For years, “Chain Reaction” has been fenced off as it underwent testing and repairs to reinforce its structural integrity. Image via Google Street View.

“Chain Reaction,” the anti-nuclear sculpture by the late Pulitzer Prize-winning cartoonist Paul Conrad, will be re-dedicated on June 26 to mark the culmination of rehab work and the installation of a new “peace garden” around the base of the 26-foot tall monument.

The ceremony will mark the end of a six-year-long struggle to assure that the monument, a series of chains wrapped around a fiberglass structure in the shape of a nuclear mushroom cloud, is preserved.

“Chain Reaction” was originally installed in 1991 with a $250,000 then-anonymous gift, but in 2011, city staff expressed concerns that the monument, located along Main Street between the Civic Auditorium and the Santa Monica courthouse, had become structurally unsound.

A battle ensued between activists who claimed that city officials were exaggerating the degree to which the sculpture’s structural integrity had degraded and the estimated costs to study and repair the structure. Estimates ranged from about $100,000 to nearly $500,000.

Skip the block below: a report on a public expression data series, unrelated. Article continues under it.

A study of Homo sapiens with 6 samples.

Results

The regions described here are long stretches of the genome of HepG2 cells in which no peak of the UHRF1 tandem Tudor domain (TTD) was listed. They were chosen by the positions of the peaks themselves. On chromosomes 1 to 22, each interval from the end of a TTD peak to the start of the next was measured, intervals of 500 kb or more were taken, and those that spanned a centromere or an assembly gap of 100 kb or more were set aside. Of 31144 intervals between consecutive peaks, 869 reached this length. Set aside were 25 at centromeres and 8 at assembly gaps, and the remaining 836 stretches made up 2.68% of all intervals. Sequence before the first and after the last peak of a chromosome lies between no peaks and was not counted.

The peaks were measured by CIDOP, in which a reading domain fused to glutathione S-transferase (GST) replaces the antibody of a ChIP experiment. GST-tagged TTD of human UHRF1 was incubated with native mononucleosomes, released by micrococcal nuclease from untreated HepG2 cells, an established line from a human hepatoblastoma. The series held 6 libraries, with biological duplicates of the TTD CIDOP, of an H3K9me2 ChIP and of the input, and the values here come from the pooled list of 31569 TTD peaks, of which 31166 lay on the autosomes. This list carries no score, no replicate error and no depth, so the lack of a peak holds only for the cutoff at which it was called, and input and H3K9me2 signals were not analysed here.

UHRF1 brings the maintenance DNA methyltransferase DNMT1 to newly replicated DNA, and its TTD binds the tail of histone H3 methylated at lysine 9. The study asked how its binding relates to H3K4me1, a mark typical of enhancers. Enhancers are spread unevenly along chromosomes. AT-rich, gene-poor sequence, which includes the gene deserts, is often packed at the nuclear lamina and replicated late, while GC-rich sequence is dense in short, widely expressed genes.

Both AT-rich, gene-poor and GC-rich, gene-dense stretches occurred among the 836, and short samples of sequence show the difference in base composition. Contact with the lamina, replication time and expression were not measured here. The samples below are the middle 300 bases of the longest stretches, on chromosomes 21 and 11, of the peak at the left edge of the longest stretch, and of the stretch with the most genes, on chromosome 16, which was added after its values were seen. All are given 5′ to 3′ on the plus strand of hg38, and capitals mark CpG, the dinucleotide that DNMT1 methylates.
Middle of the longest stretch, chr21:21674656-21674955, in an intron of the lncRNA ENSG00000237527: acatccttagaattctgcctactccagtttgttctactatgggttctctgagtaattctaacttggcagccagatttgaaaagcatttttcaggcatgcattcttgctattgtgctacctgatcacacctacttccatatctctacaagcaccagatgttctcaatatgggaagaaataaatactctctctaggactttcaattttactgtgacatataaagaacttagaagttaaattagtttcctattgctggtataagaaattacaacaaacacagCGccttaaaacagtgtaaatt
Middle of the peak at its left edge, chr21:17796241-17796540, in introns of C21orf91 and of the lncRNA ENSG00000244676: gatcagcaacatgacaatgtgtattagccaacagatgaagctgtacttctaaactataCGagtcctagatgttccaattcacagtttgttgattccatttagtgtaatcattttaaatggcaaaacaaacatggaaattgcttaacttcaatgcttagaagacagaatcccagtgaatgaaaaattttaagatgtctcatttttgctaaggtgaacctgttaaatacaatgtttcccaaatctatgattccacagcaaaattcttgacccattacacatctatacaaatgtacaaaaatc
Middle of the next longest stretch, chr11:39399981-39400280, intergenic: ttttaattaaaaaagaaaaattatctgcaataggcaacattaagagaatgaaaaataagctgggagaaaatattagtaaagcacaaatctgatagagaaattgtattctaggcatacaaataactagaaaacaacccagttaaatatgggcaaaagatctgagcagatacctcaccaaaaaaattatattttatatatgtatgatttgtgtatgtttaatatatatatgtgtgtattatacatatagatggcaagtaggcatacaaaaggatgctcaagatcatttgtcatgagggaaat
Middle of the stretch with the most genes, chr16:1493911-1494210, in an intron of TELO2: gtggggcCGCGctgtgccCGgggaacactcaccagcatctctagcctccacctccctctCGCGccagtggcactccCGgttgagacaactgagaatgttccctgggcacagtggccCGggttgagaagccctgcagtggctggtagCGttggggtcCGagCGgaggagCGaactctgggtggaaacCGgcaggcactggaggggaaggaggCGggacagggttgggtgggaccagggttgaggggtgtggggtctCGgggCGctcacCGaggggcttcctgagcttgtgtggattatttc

The fight activated the likes of artist Ed Ruscha, TV producer Norman Lear, actors Tim Robbins and Ed Asner, antiwar activist Ron Kovic, and Paul Conrad’s son in support of the monument.


Activists managed to raise more than $100,000 to help pay for testing and rehabilitation of the structure and in 2014, the Santa Monica City Council voted 6-to-1 to commit additional public money to preserve the monument.

On June 26, according to a press release put out by ubiquitous Santa Monica activist Jerry Rubin, who was a vocal supporter of preserving the monument, Santa Monica Mayor Ted Winterer will be joined by commissioners and former mayors to celebrate the activists that helped lead the fight to preserve the monument.

The event will be held from 6 to 7 p.m. at the monument (1800 block of Main Street).